Francisco Lindor Mets
Mets shortstop Francisco Lindor
Wendell Cruz-USA TODAY Sports

Chili Davis sounded like a broken record on Wednesday afternoon when he was trying to explain why the Mets’ offense had been sputtering and slumping so noticeably to start the 2021 season. 

At least he was kind enough to warn us.

“I’m going to make a lot of excuses here, but it’s not really as much excuses as it’s more reality,” the Mets’ hitting coach said prior to the Mets’ Wednesday-night meeting with the Chicago Cubs. “We haven’t had a chance to do a lot of things that we would normally do on the field. We’ve been caged up, we’ve missed a lot of ballgames.”

It’s a valid point considering seven of their first 19 originally scheduled games had been either suspended or postponed — throwing a wrench into any sort of continuity the team could have built over a few unaffected games.

“I was looking at the number of at-bats the Cubs had, they’re double the at-bats my hitters have had,” Davis said. “We need to get out on the field and kind of be more baseball-like. Hitting in the cage is one thing, but getting out there and seeing balls fly, that’s another.”

Regardless of the lack of reps, the Mets’ offense is the worst in Major League Baseball (3.17 runs per game), including a combined five runs in their last there games. It makes it all the more surprising that they hold the top spot in the National League East, which is truly a testament to just how good their pitching has been to start the new campaign.

Davis, though, ensured that he was not “overly concerned” with his offense’s slow start, yet again citing their lack of stable time on the field.

“I feel like we haven’t had the consistent playing time for me or for them to start worrying about things,” Davis said. “I know once we get this offense clicking, we’re a force. We’re going to be a good team.”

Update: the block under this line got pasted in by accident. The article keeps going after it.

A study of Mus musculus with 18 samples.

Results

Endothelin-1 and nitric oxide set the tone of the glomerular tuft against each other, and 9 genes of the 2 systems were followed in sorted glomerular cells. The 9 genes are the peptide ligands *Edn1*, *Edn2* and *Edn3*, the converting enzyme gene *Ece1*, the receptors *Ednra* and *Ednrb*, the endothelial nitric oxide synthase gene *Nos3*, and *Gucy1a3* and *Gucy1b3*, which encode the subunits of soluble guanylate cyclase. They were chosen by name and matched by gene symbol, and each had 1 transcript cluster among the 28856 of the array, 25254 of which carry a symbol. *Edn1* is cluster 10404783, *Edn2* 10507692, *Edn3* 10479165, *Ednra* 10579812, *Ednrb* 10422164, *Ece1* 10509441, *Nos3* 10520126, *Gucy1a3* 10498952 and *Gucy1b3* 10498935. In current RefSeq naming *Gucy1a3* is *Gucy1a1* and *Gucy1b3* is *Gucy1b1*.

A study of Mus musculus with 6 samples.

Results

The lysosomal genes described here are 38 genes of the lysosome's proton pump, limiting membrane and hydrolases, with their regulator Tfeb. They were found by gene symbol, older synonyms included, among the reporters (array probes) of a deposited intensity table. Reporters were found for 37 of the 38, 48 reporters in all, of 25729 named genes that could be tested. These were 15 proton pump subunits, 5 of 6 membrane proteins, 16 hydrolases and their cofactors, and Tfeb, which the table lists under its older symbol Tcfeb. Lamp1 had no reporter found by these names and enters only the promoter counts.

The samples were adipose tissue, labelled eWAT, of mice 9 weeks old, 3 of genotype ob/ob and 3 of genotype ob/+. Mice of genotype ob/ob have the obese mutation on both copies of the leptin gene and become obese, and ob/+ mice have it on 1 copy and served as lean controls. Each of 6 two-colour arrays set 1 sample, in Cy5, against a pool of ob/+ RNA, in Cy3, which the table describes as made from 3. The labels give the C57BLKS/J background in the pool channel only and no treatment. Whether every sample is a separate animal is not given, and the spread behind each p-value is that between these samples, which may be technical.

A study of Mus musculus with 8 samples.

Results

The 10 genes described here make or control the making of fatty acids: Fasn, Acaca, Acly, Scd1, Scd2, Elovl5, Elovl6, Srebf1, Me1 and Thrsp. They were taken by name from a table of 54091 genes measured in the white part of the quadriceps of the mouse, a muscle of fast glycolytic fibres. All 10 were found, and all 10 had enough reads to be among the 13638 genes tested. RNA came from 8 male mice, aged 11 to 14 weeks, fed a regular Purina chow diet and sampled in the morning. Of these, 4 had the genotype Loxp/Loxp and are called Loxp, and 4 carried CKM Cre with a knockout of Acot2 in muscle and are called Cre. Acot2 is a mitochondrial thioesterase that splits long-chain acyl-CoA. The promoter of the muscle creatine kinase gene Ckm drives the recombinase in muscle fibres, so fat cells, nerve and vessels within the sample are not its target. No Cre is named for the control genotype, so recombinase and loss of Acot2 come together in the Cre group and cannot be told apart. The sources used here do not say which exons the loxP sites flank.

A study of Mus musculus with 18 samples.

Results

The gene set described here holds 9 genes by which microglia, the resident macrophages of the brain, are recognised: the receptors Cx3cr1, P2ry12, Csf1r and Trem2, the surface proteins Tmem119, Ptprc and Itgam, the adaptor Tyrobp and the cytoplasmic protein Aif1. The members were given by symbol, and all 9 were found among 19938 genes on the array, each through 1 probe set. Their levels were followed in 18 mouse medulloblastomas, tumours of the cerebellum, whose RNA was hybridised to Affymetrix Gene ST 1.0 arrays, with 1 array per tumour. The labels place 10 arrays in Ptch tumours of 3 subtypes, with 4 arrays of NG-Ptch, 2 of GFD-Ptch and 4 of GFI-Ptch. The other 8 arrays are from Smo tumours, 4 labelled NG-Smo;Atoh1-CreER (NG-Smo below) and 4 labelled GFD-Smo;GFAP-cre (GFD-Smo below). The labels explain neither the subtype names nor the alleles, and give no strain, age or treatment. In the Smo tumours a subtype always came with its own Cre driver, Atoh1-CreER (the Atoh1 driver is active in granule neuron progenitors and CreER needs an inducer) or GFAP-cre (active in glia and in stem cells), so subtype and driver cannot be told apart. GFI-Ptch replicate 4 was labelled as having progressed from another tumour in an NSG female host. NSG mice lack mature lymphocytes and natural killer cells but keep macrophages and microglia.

A potentially good team that is showing the right mindset despite having a hard time at the dish. 

“The biggest thing that I see is that I don’t see anyone hanging their heads,” he said. “We’ve been pitching well… we haven’t jelled yet as a club and I got back to the lack of consistent playing and the fact that they’re very optimistic after a ballgame. They know how good they are and it’s a matter of time before we break out and start winning some ball games.”

Amongst the most notable Mets strugglers is the $341 million man, Francisco Lindor, who was batting just .171 through the first 12 games of the season entering Wednesday night’s play. 

For a player of his stature and with his track record of being one of the best hitters in the American League for five years, there isn’t much Davis wants to do to try and get the 27-year-old back on track. 

“He’s had so much success in his past, and he’s so young, he’s been a great hitter,” Davis said. “I have to listen to him because he’s a guy that’s feeling what’s going on. If I can help him and show him some videos and say ‘remember when you used to feel this or that’, little suggestions with him. But you don’t want to be in his face every day. You want him to feel it out and find it.”

Davis also tried to put to bed the concerns that there was a deeper issue in Lindor’s struggles as questions have risen over the last two seasons about a decrease in bat speed. 

“There’s no possible way his bat speed is an issue,” Davis said before singing that familiar tune. “It’s just the feel. We haven’t played enough games consistently… It affects your timing. Plus, he’s in another league this year and he doesn’t know a lot of the pitchers right now.”